GS Paper 3

Syllabus: Infrastructure: Energy, Ports, Roads, Airports, Railways etc.


Source: Indian Express

Context: Based on ‘Explained article of Indian Express’, the article talks about the challenges faced by solar PV manufacturing in India.

Direction: Just go through the article once to understand the issues. No need to make notes.


  • From less than 10 MW in 2010, India has added significant solar PV capacity over the past decade, achieving over 50 GW by 2022.
  • By 2030, India is targeting about 500 GW of renewable energy deployment, out of which 280 GW is expected from solar PV.

About Solar PV panels

A typical solar PV value chain consists of first fabricating polysilicon ingots which need to be transformed into thin Silicon wafers that are needed to manufacture the PV mini-modules.

Working on PV panel

When the sun shines onto a solar panel, energy from the sunlight is absorbed by the PV cells in the panel. This energy creates electrical charges that move in response to an internal electric field in the cell, causing electricity to flow.

The bigger size of the solar wafer there is an advantage in terms of silicon cost per wafer, as this effectively means lower loss of silicon during ingot to wafer processing.


Challenges in solar PV manufacturing in India:

  • Dependency on Imports: India’s current solar module manufacturing capacity is limited to 15 GW per year.
    • India has no manufacturing capacity for solar wafers and polysilicon ingots, and currently imports 100% of silicon wafers and around 80% of solar cells.
  • Older technology: Indian manufacturers are still dependent on older Al-BSF technology (Aluminum Back Surface Field Solar Cells) (low efficiencies of 18-19%), whereas worldwide PV cell efficiency is greater than 21%.
  • India is more of an assembly hub than a manufacturing one: Several raw materials such as silicon wafers, metallic pastes of silver and aluminium to form the electrical contacts too, are almost 100% imported.
    • India is dependent on China for the Silicon wafers (the most expensive raw material). More than 90% of the world’s solar wafer manufacturing currently happens in China.
  • Poor investment in research: India has hardly invested in creating centres for the try and test solar technologies in a cost-effective manner. E.g., IMEC Belgium or the Holst Centre in the Netherlands.
  • Challenges at the WTO: India lost the case in WTO (challenged by US PV manufacturers) over India’s import duty.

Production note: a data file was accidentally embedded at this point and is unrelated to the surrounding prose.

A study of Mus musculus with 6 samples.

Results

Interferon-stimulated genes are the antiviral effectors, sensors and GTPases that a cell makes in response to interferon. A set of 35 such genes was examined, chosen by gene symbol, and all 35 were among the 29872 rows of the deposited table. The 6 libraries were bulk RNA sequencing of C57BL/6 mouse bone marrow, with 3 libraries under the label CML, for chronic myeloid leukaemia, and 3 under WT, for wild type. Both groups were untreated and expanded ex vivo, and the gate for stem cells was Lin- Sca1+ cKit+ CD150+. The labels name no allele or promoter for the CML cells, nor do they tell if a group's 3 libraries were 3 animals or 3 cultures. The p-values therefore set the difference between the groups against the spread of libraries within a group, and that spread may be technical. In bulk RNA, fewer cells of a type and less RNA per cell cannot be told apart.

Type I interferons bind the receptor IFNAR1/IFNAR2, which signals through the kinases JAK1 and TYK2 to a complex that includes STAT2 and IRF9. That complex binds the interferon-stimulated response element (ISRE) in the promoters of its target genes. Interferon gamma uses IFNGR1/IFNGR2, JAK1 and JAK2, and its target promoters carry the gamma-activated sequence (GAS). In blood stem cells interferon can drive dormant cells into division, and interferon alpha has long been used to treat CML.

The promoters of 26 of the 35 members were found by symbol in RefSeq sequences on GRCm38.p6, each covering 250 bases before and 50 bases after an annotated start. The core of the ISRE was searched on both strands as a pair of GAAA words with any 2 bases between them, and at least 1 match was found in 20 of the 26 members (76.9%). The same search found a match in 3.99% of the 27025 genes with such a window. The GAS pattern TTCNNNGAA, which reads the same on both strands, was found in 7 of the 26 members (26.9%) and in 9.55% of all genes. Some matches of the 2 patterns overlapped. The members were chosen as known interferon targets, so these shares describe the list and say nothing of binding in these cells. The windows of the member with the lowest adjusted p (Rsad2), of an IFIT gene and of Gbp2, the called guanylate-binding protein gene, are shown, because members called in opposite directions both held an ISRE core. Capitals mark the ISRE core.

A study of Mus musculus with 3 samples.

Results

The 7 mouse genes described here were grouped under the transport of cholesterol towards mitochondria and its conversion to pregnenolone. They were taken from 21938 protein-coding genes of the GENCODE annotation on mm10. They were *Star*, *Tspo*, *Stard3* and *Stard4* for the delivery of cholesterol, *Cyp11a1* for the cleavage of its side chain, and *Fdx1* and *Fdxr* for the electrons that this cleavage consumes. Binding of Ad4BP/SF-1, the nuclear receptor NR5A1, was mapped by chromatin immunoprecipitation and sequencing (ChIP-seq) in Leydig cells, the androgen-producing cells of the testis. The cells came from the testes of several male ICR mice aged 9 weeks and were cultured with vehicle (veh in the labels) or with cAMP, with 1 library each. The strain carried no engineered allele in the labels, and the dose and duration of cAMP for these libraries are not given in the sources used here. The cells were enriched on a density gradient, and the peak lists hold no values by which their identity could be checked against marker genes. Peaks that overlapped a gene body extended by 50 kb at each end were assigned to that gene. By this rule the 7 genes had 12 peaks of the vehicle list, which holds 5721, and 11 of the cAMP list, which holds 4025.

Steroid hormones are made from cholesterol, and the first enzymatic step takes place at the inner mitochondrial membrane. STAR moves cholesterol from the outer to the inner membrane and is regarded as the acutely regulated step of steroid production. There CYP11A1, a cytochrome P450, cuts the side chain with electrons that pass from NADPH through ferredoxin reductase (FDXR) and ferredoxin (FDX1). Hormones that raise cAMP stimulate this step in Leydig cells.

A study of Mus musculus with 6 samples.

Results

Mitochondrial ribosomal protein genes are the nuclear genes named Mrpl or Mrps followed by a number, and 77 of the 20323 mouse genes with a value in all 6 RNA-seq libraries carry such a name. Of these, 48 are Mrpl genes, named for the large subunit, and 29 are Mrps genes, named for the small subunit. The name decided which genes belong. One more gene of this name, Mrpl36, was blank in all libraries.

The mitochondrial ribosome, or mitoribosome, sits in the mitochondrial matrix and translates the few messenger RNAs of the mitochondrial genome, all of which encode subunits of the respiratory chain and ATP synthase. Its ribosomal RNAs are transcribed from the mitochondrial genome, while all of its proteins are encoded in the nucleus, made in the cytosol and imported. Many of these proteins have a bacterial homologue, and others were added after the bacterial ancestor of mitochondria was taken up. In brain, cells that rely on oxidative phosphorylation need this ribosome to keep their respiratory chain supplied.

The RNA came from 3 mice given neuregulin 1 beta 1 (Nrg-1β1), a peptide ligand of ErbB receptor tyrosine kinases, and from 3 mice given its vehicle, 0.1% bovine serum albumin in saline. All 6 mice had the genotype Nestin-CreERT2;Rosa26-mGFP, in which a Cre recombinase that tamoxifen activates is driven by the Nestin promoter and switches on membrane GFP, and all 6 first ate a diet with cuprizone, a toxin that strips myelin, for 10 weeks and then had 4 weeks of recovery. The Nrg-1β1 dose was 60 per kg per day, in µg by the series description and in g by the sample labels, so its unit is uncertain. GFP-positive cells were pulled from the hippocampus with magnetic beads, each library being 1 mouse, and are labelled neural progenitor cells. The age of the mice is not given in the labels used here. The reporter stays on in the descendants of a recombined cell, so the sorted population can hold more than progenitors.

Government initiatives:

  • India has implemented a 40% duty on the import of modules and 25% duty on the import of cells
  • PLI scheme to support manufacturing capex.
  • Government has made it mandatory to procure modules only from an approved list of manufacturers (ALMM) (till now only India-based manufacturers have been approved) for projects that are contracted to state/ central government grids

What should India do:

  • Technology tie-up with global manufacturers: India will have to work on technology tie-ups to make the right grade of silicon for solar cell manufacturing
  • Move towards Atmanirbhar manufacturing:  India should move up the value chain by making components locally that could drive the price and quality of both cells and modules
  • PV panel Manufacturing parks: India needs to create industry-like centres to work on specific technology domains with clear roadmaps and deliverables for the short and long term
  • Strong industry-academia collaboration in an innovative manner to start developing home-grown technologies.

Insta Links

India’s solar capacity: Milestones and challenges


Mains Links

Q. India needs a Solar Waste Management and Manufacturing Standards Policy. Do you agree? Comment. (10M)


Prelims Links

With reference to technologies for solar power production, consider the following statements:

    1. ‘Photovoltaics’ is a technology that generates electricity by direction conversion of light into electricity, while ‘Solar Thermal’ is a technology that utilizes the Sun’s rays to generate heat which is further used in electricity generation process.
    2. Photovoltaics generate Alternating Current (AC), while solar Thermal generates Direct Current (DC).
    3. India has manufacturing base for Solar Thermal technology, but not for Photovoltaics.

Which of the statement(s) given above is/are correct?

(a) 1 only

(b) 2 and 3 only

(c) 1, 2 and 3

(d) None

Answer: A

The principle behind both types of solar panels – solar photovoltaic (PV) and solar thermal – is the same. They absorb raw energy from the sun and use it to create usable energy. In solar PV systems, this is through the creation of electricity, whereas thermal systems are used directly for heating water or air.

Both technology covert solar energy into DC. India has a manufacturing base for both Solar Thermal as well as PV cells.